The Senate bill comes as the House prepares to vote on a short-term debt ceiling increase that would also withhold the pay of senators if the Senate fails to pass a budget resolution by April 15.
The House bill simply withholds pay until the end of the current Congress.
The Senate bill, in contrast to that of the House, cancels pay if a budget and 12 individual appropriations bills have not been passed by Oct. 1. No retroactive pay is provided.
Sen. Dean Heller (R-Nev.), the lead sponsor, said the bill is constitutional because in his reading the original intent of the 27th Amendment was to prevent pay raises.
“I think specifically if you are talking about the 27th Amendment, what they were trying to make sure didn’t happen was members of Congress enriching themselves. I think you can go home and tell your constituents that you are not getting paid and many of your constituents are not going to worry about that, but you say you enriched yourself and you did increase your pay during a congressional sessions, then there’s some real issues,” he said. “I think that’s the heart of the 27th Amendment. This doesn’t do that, it goes in the opposite direction.”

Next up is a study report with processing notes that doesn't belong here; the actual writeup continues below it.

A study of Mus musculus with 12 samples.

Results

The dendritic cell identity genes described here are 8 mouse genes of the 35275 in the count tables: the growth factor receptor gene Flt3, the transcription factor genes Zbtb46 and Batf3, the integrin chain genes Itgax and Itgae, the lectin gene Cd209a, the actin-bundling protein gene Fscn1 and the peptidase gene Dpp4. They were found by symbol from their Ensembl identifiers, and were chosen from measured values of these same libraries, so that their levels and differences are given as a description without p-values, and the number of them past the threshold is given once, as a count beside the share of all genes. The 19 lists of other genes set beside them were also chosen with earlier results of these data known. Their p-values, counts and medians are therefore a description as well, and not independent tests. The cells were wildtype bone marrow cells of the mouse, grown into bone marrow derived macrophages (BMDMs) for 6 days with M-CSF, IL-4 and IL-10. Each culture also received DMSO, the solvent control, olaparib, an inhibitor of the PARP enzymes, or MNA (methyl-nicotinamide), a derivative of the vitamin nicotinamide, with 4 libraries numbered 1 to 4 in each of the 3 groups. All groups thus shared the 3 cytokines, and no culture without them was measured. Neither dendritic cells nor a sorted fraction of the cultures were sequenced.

“I don’t think it is unconstitutional,” he said.
He said the House version is an acceptable alternative, but the Senate bill addresses the problem in future congresses as well.
The group No Labels, which pushed No Budget, No Pay legislation last year, said the bill had to pass before the end of the 112th Congress in order to apply to this Congress without violating the Constitution.
Heller and Machin said Wednesday they are pleased Senate Budget Committee Chairman Patty Murray (D-Wash.) announced Wednesday that Democrats will move a budget for the first time in four years.